The U.S. State Department has released its annual report on international terrorism. Once again, Iran tops the list as the world's "most active state sponsor of terrorism."
Ambassador Dell Dailey, the U.S. State Department’s Coordinator of the Office for Counterterrorism, commented on the Iranian regime’s role in a range of terrorist endeavors:
"Iran provides aid to Palestinian terrorist groups, Lebanese Hezbollah, Iraq-based militants, and Taliban fighters in Afghanistan. Despite its pledge to support the stabilization of Iraq, Iranian authorities continue to provide lethal support, including weapons, training, funding, and guidance, to some Iraqi militant groups that target coalition and Iraqi security forces and Iraqi civilians."
Mr. Dailey said that Iran, in coordination with its ally Syria, another state sponsor of terrorism, also helps to undermine the elected government of Lebanon.
The Iranian regime’s policy in regard to al-Qaida members who are currently living in Iran is an additional matter of concern. According to the State Department report, throughout 2007, "Iran remained unwilling to bring to justice senior al-Qaida members it has detained, and has refused to publicly identify those senior members in its custody. Iran has repeatedly resisted numerous calls to transfer custody of its al-Qaida detainees to their countries of origin or third countries for interrogation or trial." Also, says the report, Iran "continued to fail to control the activities of some al-Qaida members who fled to Iran following the fall of the Taliban regime in Afghanistan."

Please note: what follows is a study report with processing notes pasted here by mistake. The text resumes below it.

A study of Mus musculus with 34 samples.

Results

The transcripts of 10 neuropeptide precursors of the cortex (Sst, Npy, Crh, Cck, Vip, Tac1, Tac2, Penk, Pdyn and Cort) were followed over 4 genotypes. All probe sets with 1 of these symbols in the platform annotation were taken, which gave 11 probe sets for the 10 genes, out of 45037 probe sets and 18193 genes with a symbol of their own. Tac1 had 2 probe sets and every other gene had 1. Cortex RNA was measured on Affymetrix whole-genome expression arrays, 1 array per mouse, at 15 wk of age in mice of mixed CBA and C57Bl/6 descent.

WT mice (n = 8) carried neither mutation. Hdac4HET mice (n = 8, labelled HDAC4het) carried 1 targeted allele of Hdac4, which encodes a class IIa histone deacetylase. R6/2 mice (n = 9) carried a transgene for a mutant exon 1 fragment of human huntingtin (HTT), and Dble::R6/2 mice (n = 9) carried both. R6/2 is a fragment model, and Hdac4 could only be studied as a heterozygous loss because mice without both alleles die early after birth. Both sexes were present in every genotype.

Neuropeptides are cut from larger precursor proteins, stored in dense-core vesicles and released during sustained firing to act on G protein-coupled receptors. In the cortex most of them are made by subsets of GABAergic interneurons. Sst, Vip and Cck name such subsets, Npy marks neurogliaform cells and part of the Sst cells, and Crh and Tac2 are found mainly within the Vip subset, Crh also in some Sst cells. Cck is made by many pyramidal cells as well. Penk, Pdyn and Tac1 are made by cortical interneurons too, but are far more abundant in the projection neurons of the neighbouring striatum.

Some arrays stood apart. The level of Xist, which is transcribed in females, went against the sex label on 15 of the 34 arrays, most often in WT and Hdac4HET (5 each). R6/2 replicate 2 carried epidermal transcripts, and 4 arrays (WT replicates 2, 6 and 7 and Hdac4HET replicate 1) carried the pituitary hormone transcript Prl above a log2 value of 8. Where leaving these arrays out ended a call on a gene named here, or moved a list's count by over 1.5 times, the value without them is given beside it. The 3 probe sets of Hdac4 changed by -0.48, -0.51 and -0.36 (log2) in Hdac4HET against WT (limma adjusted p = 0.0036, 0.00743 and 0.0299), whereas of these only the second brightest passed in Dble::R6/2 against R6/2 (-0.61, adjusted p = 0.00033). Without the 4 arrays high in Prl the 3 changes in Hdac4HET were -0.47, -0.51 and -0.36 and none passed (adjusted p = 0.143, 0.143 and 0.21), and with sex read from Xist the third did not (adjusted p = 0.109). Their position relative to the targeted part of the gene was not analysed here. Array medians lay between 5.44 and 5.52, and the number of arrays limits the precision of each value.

Along with Iran and Syria, Cuba, North Korea, and Sudan were also designated state sponsors of terror. In addition to the funds, weapons, and safe-havens state sponsors provide to terrorists, the report says that some of these countries "have the capability to manufacture weapons of mass destruction that could get into the hands of terrorists." The potential threat of terrorists acquiring and using weapons of mass destruction poses one of the greatest security challenges facing the United States and its international partners today. The U.S., says the report, continues to insist that these countries end their support for terrorist groups.